By Bonnie Van

The Catholic Commentator

The first week of May marks the last days of school for seniors at Catholic high schools throughout the Diocese of Baton Rouge. And for many, it means looking ahead while reflecting on the past. 


 

“I feel like I learned a lot about leadership my senior year, more than I did my other years (in high school), because I’m in those roles,” said Michael Crick, student ministry leader at Catholic High School in Baton Rouge. 

“I had the same experience with leadership through basketball,” said fellow CHS senior Hunter Williams. “You basically have to be a role model for the underclassmen because they don’t know how they fit in, and you have to give them that insight.” 

For Trey Parker, a student at St. Michael the Archangel High School in Baton Rouge, senior year was an eye-opening experience to a busy schedule. 

“The second I stepped into senior year I realized like, ‘Wow, there’s a lot to do!’ There’s a lot of college things, on top of taking AP (Advanced Placement) classes, honors classes, also applying to colleges, being involved in clubs, sports, extracurricular activities, I mean, it’s taught me a lot about time management,” said Parker. 

SMHS senior Shore Fleury agreed that the last year in high school can be busy. 

“You are so involved in making it through school and making sure you’re graduating,” said Fleury. “You have to worry about applications and scholarships and financial aid to make sure you’re ready for the next step.” 

SMHS senior Sarah Bowman said taking dual enrollment college courses during her senior year has been a significant advantage to helping her get ready for the rigors of university life. And, with an afterschool job, she also had to learn how to manage her time. 

“You have to balance everything,” said Bowman. “Find out what’s more important and what can wait.”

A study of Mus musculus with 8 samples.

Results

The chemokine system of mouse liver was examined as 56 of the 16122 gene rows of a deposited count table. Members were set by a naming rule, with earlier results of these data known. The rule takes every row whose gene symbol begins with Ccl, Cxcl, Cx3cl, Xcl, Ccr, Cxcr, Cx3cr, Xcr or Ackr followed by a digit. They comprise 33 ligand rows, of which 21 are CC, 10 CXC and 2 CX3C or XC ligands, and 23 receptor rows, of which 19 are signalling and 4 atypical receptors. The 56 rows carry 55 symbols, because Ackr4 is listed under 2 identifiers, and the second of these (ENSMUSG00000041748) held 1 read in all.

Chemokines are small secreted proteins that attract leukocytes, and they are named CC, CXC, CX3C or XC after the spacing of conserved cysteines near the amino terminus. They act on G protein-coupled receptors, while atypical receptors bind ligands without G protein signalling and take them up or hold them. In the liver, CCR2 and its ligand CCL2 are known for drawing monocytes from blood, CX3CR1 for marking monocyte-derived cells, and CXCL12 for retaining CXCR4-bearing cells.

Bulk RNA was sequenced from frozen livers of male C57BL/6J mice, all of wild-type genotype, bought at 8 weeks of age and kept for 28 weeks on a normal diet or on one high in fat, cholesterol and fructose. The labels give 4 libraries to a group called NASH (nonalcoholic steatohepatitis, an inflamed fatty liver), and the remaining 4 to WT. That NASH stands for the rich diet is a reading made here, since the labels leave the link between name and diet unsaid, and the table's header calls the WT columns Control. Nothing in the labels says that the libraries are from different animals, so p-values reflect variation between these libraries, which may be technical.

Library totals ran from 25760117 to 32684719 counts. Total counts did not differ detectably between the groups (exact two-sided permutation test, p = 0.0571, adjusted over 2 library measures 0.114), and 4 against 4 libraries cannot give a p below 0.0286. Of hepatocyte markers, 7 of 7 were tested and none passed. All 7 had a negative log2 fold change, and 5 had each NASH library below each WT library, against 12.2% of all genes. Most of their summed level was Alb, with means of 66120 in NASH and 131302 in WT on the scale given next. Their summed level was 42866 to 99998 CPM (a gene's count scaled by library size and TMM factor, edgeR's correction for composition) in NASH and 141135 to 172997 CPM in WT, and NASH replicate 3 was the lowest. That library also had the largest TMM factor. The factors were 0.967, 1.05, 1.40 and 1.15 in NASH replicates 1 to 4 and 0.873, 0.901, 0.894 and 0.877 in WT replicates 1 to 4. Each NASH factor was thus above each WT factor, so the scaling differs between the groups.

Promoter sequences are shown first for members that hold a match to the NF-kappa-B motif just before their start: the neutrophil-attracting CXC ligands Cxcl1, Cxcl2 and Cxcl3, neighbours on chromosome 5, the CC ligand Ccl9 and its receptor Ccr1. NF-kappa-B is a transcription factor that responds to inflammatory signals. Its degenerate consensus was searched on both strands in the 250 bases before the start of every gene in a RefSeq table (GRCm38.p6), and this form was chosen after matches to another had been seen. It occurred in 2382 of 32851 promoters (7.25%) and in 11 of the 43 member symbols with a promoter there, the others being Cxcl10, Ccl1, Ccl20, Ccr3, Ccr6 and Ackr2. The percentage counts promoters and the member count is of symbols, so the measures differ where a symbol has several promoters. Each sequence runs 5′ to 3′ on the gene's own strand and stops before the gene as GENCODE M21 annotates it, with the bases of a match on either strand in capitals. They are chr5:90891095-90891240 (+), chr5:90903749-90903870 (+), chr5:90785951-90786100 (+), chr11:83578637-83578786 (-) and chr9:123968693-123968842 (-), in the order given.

Now that they are older and wiser, what advice would these seniors give to their younger selves? Get involved. 

“Don’t be afraid to get involved,” said Andrew Trammell, a senior at CHS. “There’s a plethora of opportunities for you to get involved and really enjoy stuff.” 

“Try new things and branch out of your friend groups,” said Williams, who joined the French Club during his freshman and sophomore years. “When you reach out to others, you can understand how others are going through school, what their difficulties are and you can kind of relate to them.” 

“Your best memories in high school are not going to be from studying for a test or doing homework,” said Parker. “It’s going to be like going on the band trips to Disney World or going to do that piece of service that really hits your heart in a way that sticks with you for a long time.” 

These seniors also had some sage advice for incoming freshman. 

“Don’t change who you are,” said SMHS senior Hunter McCann. “Even though high school might put pressure on you, and other people might expect you to do or say certain things, be who you’ve always been.” 

“And, every grade matters,” said Parker. “So don’t slack off freshman year because those grades follow you all the way until senior year and colleges see your transcript all the way back to freshman year.” 

As they step away from the stage at graduation, these seniors say they will take two things with them: their friendships and their faith. Fleury, who played the role of Mary in “The Passion” at her school, said the experience will always remain with her. 

“It was just an honor to be asked to play that part,” said Fleury, who credited the part with deepening her faith. 

“I learned the importance of putting God first and knowing that he’s going to be there for you,” said Williams. 

“I learned that things won’t go exactly as you planned but with God’s guidance you can make it through,” said Catholic of Pointe Coupee High School senior Laci Smothers. 

As for friends they made in high school, the students say that’s for life. 

“I know even though I’m going 1,600 miles away to college that we’re still going to be friends,” said Trammell. “We’re still going to talk and every time I come back, we’re still going to meet up and relive the memories and struggles and have a couple of good laughs.”